The coronavirus challenged compassion-providing ministries in new ways
Across the Universe by Al Di Meola: None of these 14 Beatles tunes is the one after which the album is named. Yet the title fits if only because Di Meola, who plays everything but the brass, the violins, the tablas, the chak’chas, and the accordion, achieves gravity-defying flights of fancy not evoked by the titles of the songs that he does include. “Julia” and “Dear Prudence”? Too narrow. “Mother Nature’s Son” and “Strawberry Fields Forever”? Too earthbound. “Here Comes the Sun” and “I’ll Follow the Sun”? Too monadic. In layering between two and four guitars per song he does risk clutter. But his percussive gypsy-jazz and flamenco effects open melodic and rhythmic vistas, and they come together in a magical mystery dance.
Mixing Colours by Roger Eno and Brian Eno: This latest entry in Deutsche Grammophon’s crossover line targets the ambient crowd by way of synesthesia (almost every piece is named for a color). Roger Eno gets top billing because, although his brother Brian is more famous and credited with programming, production, and “sound design,” it’s Roger who’s actually depressing the keys—whether electronic or acoustic—that turn these compositions into songs. Technically, they’re miniatures, the musical equivalent of haiku, their simple chord progressions broken down into slow-motion arpeggios and moistened with echo. The mood is, without exception, bittersweet: sweet in that it’s beautiful, bitter in that the beauty somehow sounds remembered rather than present, imbuing the entire suite with a feeling of loss as inevitable as it is irretrievable.
While Looking Up by Jimmy Greene: Yes, one still senses the spirit of this jazzman’s daughter, a casualty of the Sandy Hook Elementary shooting and the inspiration for his last two albums. But even in the track with her birthday for a title (“April 4th”), her presence comes off more evanescent than haunting. Dramatically, Greene reverses the ratio of evanescent to haunting for his rendition of “I Wanna Dance With Somebody (Who Loves Me),” a Whitney Houston smash that he slows down by a few hundred percent, his saxophone breathily elongating the melody into a shadow of its former self. Contextualizing these elegies are a Cole Porter standard, a Billie Holiday standard, and six exploratory Greene originals that even at their most corporeal suggest spiritual dimensions.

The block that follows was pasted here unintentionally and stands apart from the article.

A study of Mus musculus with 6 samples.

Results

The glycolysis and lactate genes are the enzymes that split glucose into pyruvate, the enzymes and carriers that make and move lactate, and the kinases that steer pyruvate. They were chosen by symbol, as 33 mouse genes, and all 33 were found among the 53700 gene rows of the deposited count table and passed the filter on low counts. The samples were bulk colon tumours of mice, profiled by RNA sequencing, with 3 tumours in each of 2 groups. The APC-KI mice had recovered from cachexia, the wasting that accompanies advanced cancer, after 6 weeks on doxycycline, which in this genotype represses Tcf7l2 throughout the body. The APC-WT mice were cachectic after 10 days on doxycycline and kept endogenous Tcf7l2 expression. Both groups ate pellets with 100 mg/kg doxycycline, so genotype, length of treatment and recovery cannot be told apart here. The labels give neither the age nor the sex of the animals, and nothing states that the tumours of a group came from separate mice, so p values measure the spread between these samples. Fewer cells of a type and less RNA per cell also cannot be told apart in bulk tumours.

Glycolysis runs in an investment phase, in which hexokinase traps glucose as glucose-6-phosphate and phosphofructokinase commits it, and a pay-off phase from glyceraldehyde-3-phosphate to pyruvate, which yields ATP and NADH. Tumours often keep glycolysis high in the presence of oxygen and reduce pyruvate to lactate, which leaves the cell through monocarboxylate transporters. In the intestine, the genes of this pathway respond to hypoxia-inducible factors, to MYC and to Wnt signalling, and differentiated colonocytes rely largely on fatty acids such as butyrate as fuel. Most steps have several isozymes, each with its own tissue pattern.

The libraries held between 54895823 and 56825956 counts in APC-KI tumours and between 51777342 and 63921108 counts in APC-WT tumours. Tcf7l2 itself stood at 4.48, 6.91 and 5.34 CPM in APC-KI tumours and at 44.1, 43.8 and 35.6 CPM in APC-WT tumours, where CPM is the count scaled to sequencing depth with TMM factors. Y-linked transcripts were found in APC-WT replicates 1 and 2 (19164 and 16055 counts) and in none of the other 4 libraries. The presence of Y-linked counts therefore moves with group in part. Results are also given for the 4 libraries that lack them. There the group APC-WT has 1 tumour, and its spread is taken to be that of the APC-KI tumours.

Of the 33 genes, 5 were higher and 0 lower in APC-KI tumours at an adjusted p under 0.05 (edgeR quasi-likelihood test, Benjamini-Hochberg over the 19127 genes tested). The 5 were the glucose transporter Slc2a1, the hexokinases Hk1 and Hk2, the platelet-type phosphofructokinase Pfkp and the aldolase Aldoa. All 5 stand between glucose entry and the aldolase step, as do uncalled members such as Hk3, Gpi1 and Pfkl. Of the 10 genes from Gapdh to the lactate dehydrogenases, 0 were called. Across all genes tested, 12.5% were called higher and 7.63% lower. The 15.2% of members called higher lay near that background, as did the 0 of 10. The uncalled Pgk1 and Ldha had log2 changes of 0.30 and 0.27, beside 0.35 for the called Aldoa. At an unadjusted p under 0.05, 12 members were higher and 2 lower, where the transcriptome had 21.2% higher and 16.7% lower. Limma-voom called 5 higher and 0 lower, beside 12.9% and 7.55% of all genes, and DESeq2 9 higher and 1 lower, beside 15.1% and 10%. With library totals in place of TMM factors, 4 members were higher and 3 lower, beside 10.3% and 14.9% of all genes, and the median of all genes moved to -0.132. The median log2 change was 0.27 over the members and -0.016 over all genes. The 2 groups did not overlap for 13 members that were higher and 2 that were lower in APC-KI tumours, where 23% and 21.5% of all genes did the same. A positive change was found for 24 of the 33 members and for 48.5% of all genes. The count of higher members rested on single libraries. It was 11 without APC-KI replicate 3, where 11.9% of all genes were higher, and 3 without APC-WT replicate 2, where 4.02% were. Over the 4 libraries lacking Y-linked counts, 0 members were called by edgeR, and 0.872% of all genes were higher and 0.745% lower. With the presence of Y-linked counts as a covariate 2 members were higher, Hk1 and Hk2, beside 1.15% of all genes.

Robin Hood by Jan Krist: The subjects of the songs about real-life people include a sister, World War II veterans, and someone who can’t forgive or forget. The subjects of the songs about larger-than-life characters include Frankenstein (the monster, not the creator) and a glowing graveyard icon of the Virgin Mary. Two songs address the outsize role of vinyl LPs and their attendant details in baby boomer memories. And the acoustic, contemporary-folk settings accommodate every detail. Not for nothing does Krist conduct songwriting workshops. And she sings effectively too, her voice breaking in ways that connect wizening with wisdom but not so obviously that her occasional forays into didacticism feel unearned.
When Bob Dylan released the 17-minute “Murder Most Foul” on March 27, critics lunged at it like meat-starved piranha. What did it mean, this brooding meditation on the JFK assassination, this stream-of-consciousness dirge—more spoken than sung—with enough pop-cultural references to fill several American pies? Some commentators declared it an indictment of America’s habit of avoiding reality by escaping into entertainment; others declared it a celebration of entertainment’s capacity to heal. By the time the hilarious parody “Murder Most Fowl” appeared on YouTube, the bones had been picked clean.
Then Dylan released the 4½-minute “I Contain Multitudes.” The lyrics continued in the same name-dropping vein while the melody recalled several on Dylan’s 2006 album Modern Times. In most other contexts, the song would’ve seemed like a charming trifle. Dylan’s voice, however, had never sounded so soothing. In times like these, such trifles go a long way.